Perhaps it’s indicative of the global climate in which we labor that the mere mention of the word “peace” elicits a spectrum of emotions, from tranquility to rage. We throw the word around, using it in conjunction with “victory” or “surrender”, as if one had anything to do with the other. In the process, we’ve almost succeeded in rendering the word “peace” another casualty in our headlong march to a politically correct, colorless world.
That’s partly why Santana: Hymns for Peace, Live At Montreux 2004 is one of the most engaging live performances to be released on DVD this year. At first glance, the title is a bit of a misnomer, since this is a concert that is anything but somber. This is a celebration of peace as it applies to the universal healing power of music. There’s no overt political agenda here—it’s more a cleansing of the soul, and the inevitable party that ensues as a result.
And what a party it is. Carlos Santana had been planning this since 1988, when he and sax master Wayne Shorter found themselves touring with the Miles Davis Band. They began to envision a tour that would also include Herbie Hancock, Chick Corea and other musicians who envisioned a world of shared cooperation and aspirations on a global level. It would be 2004 before the dream was realized. Miles Davis had passed on, but Santana still clinged to his dream. So when Montreux Jazz Festival organizer Claude Nobs, gave him free reign to do what he wanted at the Jazz Festival in 2004, the dream reached fruition.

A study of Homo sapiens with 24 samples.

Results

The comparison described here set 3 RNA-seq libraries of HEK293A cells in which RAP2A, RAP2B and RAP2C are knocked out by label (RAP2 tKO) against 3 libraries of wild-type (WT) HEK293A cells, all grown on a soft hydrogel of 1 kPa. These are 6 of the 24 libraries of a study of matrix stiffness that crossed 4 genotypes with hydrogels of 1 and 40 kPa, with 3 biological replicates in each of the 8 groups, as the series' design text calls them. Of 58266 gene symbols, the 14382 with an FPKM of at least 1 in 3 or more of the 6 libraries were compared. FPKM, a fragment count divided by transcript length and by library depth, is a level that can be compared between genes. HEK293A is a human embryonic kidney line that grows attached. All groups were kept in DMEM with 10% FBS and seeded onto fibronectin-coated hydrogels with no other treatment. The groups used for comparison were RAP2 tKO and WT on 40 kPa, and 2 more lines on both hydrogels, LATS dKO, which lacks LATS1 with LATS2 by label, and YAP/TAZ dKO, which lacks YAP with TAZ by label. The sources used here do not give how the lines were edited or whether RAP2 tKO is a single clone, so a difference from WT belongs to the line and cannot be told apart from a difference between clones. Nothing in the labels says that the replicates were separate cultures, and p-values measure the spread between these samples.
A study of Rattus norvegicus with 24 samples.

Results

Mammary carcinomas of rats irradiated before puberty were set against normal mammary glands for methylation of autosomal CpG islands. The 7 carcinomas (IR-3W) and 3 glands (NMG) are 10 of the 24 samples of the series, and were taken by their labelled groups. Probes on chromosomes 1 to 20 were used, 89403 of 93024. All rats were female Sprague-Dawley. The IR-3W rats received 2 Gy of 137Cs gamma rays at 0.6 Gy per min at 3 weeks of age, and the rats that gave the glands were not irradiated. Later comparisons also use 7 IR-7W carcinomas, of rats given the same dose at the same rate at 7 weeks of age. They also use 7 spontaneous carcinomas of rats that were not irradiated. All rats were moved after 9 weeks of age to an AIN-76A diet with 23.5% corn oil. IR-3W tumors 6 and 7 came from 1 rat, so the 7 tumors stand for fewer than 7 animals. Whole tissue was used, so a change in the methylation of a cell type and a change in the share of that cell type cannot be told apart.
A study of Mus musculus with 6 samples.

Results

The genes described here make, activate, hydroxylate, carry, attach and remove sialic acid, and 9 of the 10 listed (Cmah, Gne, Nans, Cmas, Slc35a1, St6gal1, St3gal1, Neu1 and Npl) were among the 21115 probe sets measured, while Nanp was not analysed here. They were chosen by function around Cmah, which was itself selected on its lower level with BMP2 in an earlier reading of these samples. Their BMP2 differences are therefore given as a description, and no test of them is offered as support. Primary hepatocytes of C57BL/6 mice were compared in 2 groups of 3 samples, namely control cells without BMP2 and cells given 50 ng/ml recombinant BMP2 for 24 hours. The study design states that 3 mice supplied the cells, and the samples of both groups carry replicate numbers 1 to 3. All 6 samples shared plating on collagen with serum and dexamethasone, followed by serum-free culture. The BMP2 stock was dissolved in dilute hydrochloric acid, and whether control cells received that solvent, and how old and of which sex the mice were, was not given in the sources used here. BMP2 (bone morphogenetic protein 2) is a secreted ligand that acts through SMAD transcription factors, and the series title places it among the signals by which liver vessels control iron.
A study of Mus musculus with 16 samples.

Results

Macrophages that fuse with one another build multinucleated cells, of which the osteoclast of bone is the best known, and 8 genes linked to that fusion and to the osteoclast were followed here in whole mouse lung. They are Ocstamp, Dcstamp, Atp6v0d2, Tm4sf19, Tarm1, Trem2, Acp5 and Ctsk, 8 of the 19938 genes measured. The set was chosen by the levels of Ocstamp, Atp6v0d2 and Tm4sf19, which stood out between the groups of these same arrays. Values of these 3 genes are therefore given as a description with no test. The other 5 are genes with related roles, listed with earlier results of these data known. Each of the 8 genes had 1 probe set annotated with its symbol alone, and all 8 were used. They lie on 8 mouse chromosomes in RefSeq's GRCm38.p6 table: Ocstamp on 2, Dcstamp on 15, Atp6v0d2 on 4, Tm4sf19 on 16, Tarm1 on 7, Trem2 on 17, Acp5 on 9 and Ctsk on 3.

On 15 July 2004, Santana and a few of his friends played a concert that redefined live performances. It lasted for over three hours, and watching it even now, the mind boggles at how tight it is. First, there is Santana’s band itself, a formidable lineup that works seamlessly between Latin, African, jazz and soul rhythms, augmented by the vocals of Andy Vargas. They’re the backbone of all the performances in the concert, with Santana’s inimitable guitar stylings providing a unique flavor to all the proceedings.